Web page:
Ado and Ado.Net Programming (Transcend Technique Programming Series)by Mike Gunderloy
ADO and ADO.NET Programming will help you use both APIs to write data access code that works perfectly, irrespective of the data source or front end. You'll learn to enlist
Data access technology has come a long way in the past decade. The introduction of Microsoft Access was a major step forward, followed by the giant leaps represented by ADO and now by ADO.NET.
ADO and ADO.NET Programming will help you use both APIs to write data access code that works perfectly, irrespective of the data source or front end. You'll learn to enlist ADO techniques in support of legacy systems, as well as in other scenarios where ADO is simply the better choice. And you'll master the special capabilities of ADO.NET, such as support for XML and disconnected data, that promise to make it the dominant data access API for years to come. Simple data retrieval and updating is only the beginning. Advanced topics include schema modification, data synchronization, and multidimensional aggregation.
There's more to ADO and ADO.NET than universal connectivity, of course. This book offers detailed coverage of source-specific and client-specific functionality, helping you tap into features unique to SQL Server, Oracle, and Jet, on the one hand, and Visual Basic, Access, and Excel, on the other hand. You also get a practical introduction to the .NET Framework and appendices covering major object models and the SQL and MDX query languages on CD.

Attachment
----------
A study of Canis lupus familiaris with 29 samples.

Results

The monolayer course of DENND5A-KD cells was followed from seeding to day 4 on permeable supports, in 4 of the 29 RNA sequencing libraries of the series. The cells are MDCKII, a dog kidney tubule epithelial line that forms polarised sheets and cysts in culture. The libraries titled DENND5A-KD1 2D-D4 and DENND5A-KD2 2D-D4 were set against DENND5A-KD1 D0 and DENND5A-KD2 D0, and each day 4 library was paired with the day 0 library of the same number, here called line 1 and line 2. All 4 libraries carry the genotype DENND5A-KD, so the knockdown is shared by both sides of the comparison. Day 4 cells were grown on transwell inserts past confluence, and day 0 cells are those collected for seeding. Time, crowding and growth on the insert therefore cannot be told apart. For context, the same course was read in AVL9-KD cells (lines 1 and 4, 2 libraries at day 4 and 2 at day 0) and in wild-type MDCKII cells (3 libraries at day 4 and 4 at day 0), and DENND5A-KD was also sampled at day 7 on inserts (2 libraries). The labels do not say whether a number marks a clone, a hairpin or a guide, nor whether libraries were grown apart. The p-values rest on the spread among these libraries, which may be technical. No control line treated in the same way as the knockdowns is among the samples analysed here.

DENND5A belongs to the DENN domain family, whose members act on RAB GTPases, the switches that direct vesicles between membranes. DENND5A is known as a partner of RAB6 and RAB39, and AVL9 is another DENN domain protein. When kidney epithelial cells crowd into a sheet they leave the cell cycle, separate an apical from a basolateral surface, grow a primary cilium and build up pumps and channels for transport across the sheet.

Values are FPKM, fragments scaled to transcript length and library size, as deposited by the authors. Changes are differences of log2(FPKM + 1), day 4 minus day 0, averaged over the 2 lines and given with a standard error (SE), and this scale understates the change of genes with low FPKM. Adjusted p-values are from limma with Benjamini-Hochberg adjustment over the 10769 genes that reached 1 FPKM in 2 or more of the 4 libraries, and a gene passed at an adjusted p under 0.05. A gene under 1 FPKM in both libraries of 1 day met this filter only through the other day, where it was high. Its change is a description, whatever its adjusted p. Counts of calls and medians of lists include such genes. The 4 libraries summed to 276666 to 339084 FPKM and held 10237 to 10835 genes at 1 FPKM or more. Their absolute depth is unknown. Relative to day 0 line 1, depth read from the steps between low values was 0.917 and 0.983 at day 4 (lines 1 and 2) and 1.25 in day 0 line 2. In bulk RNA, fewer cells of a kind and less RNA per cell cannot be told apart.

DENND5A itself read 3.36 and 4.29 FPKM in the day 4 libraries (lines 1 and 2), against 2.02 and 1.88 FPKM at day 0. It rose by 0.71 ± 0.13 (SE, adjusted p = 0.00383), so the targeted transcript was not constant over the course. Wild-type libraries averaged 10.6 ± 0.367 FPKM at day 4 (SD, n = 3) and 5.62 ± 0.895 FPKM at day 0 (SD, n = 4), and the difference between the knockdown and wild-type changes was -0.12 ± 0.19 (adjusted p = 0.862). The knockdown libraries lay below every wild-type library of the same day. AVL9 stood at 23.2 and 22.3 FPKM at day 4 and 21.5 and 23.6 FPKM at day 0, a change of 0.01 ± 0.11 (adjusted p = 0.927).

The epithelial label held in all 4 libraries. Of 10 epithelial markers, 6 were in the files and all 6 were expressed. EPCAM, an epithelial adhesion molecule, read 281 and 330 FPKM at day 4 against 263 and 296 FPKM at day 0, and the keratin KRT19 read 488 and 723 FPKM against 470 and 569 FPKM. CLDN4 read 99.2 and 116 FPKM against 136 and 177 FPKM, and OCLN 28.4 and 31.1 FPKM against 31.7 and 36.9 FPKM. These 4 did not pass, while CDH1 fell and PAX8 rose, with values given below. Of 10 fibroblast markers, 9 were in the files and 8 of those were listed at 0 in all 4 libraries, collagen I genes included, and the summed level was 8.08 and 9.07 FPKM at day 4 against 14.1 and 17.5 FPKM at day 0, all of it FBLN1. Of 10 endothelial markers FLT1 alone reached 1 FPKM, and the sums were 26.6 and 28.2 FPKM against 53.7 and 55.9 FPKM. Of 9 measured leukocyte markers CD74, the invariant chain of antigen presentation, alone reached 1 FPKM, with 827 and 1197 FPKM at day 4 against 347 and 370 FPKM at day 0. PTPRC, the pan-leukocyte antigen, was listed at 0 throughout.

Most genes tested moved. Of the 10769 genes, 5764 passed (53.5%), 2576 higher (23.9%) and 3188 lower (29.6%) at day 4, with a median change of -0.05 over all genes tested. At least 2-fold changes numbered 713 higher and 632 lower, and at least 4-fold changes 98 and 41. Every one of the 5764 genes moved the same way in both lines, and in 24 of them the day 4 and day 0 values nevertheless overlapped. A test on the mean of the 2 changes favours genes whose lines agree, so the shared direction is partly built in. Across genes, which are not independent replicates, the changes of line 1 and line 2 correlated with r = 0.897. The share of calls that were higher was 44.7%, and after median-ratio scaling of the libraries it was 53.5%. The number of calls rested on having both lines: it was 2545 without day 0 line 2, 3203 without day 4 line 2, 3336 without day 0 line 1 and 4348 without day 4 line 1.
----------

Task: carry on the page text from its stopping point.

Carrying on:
The enclosed CD contains all the book's sample code-both ADO code written in Visual Basic 6 and ADO.NET code written in Visual Basic .NET. These examples vividly illustrate the book's techniques and allow you to test their effectiveness and sharpen your own coding skills.
About the Authors
Mike Gunderloy has worked with every Microsoft data access technology, from the release of Access 1.1 right through ADO.NET. He'san independent consultant and frequent author on database topics. His other Sybex books include the Access 2002 Desktop and Enterprise Developer's Handbooks (with Paul Litwin and Ken Getz), SQL Server Developer's Guide to OLAP with Analysis Services, Visual Basic Developer's Guide to ADO, and Mastering SQL Server 2000. Mike lives on a farm in eastern Washington, where he raises chickens, llamas, and peacocks when he's not wrestling with new software releases.